The original city of Jerusalem, conquered by King David from the Jebusites, is now known as Ir David, situated in the Silwan neighborhood, south of the Temple Mount. Over time, Jerusalem moved up the hill northward to the area now known as the “Old City” and, eventually, was surrounded by a wall. The city limits moved outside of the Old City walls in 1860, with the establishment of the Jewish neighborhood of Mishkenot Sha’ananim. Since that time, “West Jerusalem” has grown exponentially and represents most of the vast area that constitutes the municipality of Jerusalem.

During the 1948 War of Independence, Jordan took control of “East Jerusalem,” which included the Jewish Quarter of the “Old City,” the Western Wall, the Temple Mount and Ir David, and expelled all Jews from the territory that had been conquered. During the 1967 Six Day War, the city was reunited. Israel became the sole sovereign power over Jerusalem and annexed the city (although the Israeli government agreed to allow the Temple Mount to remain under the control of the Waqf, the Islamic authorities, through the auspices of the Jordanian government). In August 1980, the United Nations Security Council (UNSC) passed Resolution 478 declaring Israel’s annexation over East Jerusalem (where many Arabs reside) null and void by a vote of 14-0 (the U.S. abstained). This was one of seven similar UNSC resolutions.

The Old City’s walls were built between 1535 and 1542 by the Ottoman ruler, Sultan Suleiman “the Magnificent.” These walls included seven gates which allowed access into, and egress from, the city: Herod’s Gate, also known as the Gate of Flowers, the Damascus Gate (facing Damascus on the north), the Dung Gate (referenced in Nehemiah 2:13-14), the Zion Gate (or the “Prophet David” Gate, near the burial site of King David), the Jaffa Gate (facing Jaffa on the west), the Golden Gate (which led to the Temple Mount; Suleiman sealed it up in 1541) and the Lion’s Gate. Until 1887, the gates were locked at night. After the Golden Gate was resealed in 1887, the “new gate” was added.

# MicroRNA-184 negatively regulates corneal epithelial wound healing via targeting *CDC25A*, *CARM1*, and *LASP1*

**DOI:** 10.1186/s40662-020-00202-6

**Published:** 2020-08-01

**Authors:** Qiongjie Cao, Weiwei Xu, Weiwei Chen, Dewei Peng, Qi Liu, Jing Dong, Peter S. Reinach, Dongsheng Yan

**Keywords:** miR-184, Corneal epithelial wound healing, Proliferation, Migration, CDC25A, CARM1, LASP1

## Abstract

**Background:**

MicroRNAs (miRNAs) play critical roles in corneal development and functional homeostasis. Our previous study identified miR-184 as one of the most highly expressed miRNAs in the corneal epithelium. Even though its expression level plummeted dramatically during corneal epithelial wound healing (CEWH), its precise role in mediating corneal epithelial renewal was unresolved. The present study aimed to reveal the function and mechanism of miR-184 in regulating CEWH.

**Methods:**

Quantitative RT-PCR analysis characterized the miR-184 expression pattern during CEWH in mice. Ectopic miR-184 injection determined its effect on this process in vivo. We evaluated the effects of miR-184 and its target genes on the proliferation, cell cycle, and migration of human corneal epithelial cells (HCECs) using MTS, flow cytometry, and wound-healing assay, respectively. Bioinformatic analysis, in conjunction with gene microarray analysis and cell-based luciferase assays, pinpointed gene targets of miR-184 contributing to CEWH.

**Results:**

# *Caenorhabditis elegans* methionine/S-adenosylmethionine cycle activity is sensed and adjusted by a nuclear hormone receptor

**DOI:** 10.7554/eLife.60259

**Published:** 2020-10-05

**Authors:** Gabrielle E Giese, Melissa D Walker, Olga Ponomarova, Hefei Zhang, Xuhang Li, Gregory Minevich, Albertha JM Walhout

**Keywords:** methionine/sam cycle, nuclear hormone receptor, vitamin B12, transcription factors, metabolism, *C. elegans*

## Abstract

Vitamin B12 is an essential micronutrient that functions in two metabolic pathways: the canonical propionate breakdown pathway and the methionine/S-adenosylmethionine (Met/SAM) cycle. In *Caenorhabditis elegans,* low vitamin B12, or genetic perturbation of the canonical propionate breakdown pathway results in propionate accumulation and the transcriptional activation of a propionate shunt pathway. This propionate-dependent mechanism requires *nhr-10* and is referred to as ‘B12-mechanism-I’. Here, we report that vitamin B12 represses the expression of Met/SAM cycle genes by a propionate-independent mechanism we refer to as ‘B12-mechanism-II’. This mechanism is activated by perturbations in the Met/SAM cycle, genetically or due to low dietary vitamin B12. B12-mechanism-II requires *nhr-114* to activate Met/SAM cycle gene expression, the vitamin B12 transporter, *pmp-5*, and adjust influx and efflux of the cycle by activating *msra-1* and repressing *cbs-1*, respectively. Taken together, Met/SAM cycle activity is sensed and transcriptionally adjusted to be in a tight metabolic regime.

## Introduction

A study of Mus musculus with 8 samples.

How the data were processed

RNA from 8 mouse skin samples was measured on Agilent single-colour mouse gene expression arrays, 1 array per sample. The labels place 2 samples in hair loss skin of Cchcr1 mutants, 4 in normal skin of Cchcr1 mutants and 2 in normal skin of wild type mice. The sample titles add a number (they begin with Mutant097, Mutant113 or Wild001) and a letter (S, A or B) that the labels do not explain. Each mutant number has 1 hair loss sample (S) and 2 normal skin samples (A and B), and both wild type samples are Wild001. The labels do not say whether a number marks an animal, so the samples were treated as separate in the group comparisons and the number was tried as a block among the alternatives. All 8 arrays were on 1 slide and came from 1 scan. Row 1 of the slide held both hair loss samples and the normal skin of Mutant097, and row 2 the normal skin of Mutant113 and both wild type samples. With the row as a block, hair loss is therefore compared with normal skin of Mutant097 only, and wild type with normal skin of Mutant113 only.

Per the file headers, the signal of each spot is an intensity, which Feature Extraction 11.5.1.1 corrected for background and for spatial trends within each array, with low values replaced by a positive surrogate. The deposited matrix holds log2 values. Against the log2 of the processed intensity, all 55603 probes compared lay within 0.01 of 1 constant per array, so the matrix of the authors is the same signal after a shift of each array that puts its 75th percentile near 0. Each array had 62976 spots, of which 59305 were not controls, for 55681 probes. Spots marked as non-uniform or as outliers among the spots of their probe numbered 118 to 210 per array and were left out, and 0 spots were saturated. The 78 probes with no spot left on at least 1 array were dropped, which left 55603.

Most of the names of the gates make sense. Either they describe a direction, reference something from a previous generation, or something in the vicinity of the gate. The anomaly is the Lion’s Gate, which has four lions engraved into the wall above the gate, said to celebrate Suleiman’s victory over the Mamelukes in 1517. Others claim that Suleiman’s predecessor, Selim I dreamed that lions would kill him were he to fulfill his plan to raze the city. The dream traumatized Selim, and he committed to build walls to fortify Jerusalem. Of note is that the lion has been the symbol of the Tribe of Judah, the seat of Jewish monarchy since Biblical times (Genesis 49:9).

A popular Israeli tour guide offered the following unsubstantiated rationale for the naming of the Lion’s Gate since it does not seem to be named for any reason connected to the city and/or her history. He notes that it was through the Lion’s Gate on the northeastern side of the Old City, that the Israeli paratroopers entered East Jerusalem during the Six Day War. Moments later, Mordechai “Motta” Gur, commander of the 55th Paratrooper Brigade that liberated East Jerusalem, uttered the three iconic words that every Israeli knows by heart: “Har Ha’bayit Be’yadeinu,” “the Temple Mount is in our (Israeli) hands.” Gur, born in Jerusalem, was destined for this moment. The tour guide noted that “Gur” means lion cub in Hebrew. He suggested that the Lion’s Gate was named prophetically for a future event of seismic importance!

Yom Yerushalayim, Jerusalem Day, the 57th anniversary of Mordechai “Motta” Gur’s declaration, is observed tonight and tomorrow, the 28th of Iyar.